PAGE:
CHARITIES have warned that Scottish councils’ failure to co-ordinate efforts by volunteers to help Syrian refugees settle into communities could be creating division and segregation.
Grassroots organisations have said they have had to scour communities to offer help as councils refuse to put volunteers in touch with people who have just arrived from camps in the Middle East.
Volunteers have offered free English lessons and household items - as well as organising social events to help Syrian families settle in - but say they are frustrated with councils’ lack of interest in taking them up on their offers.
Councils argue that they could be putting refugees at risk from anti-immigration groups if they allow their whereabouts to be known.
Julie Hepburn, who runs the Scotland Supporting Refugees Facebook page, which co-ordinates grassroots groups, as well as leading Cumbernauld Supporting Refugees, said while some councils were open to volunteers’ help, others were reticent.
“The response from councils is scattered,” she said. “There is a huge amount of willingness to help from people in the communities, but we’ve just not got it right in being able to fully harness that. I can understand why a lot of local authorities have been very hesitant and very protective of the refugees, but the other side of that is that it hampers so many people who want to help.”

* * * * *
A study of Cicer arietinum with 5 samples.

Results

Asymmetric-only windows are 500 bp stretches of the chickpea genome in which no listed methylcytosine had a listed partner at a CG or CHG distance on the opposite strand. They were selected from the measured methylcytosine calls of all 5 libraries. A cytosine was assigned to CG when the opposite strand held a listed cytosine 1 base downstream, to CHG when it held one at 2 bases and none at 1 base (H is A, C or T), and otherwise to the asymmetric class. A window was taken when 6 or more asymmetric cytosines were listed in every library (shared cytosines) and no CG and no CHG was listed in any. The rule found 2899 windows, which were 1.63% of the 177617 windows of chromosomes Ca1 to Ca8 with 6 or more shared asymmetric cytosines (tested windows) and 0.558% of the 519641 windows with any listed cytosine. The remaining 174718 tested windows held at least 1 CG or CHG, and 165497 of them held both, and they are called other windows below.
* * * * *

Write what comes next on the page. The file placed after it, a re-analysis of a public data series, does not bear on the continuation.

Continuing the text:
It is believed that councils including Angus and Argyll and Bute have linked offers of help with those in need, while others, including Edinburgh council, have been criticised for failing to put grassroots organisations in touch with newly settled families.
Around 300 men, women and children from Syria arrived in Scotland in December and were settled in around half of the 32 council areas. A second wave of refugees is due to arrive in the spring.
Gill McArthur, founder of Re-act Edinburgh, said the organisation had received offers of English teaching, household goods, toys and friendship for refugees but had struggled to find out where they were.
“We contacted the council to say we have toys, clothes etc. We also have volunteers who are therapists, play specialists and English teachers all offering to help,” she said.
“But the council says [where they live] is confidential and they won’t allow us to help so we literally hunt them out through other Syrians and then find they have been sharing pots and pans for weeks, when we have plenty we could give them. It is crazy.”
Maureen Child, convener of the communities and neighbourhoods committee at the City of Edinburgh Council, said: “There has been a huge response from local communities and members of the public wanting to offer help which has been very heart-warming.
“We have a duty of care both to the refugees we resettle and anyone making an offer of help. We’re channelling offers of support to where they can be of most help and informing refugees of the services available so they can make their own choices.”
In Glasgow, the council gives refugees a list of grassroots groups which may be able to help them. “These groups are very important to us as they offer services that we just can’t offer ourselves,” said spokesman Ione Campsie.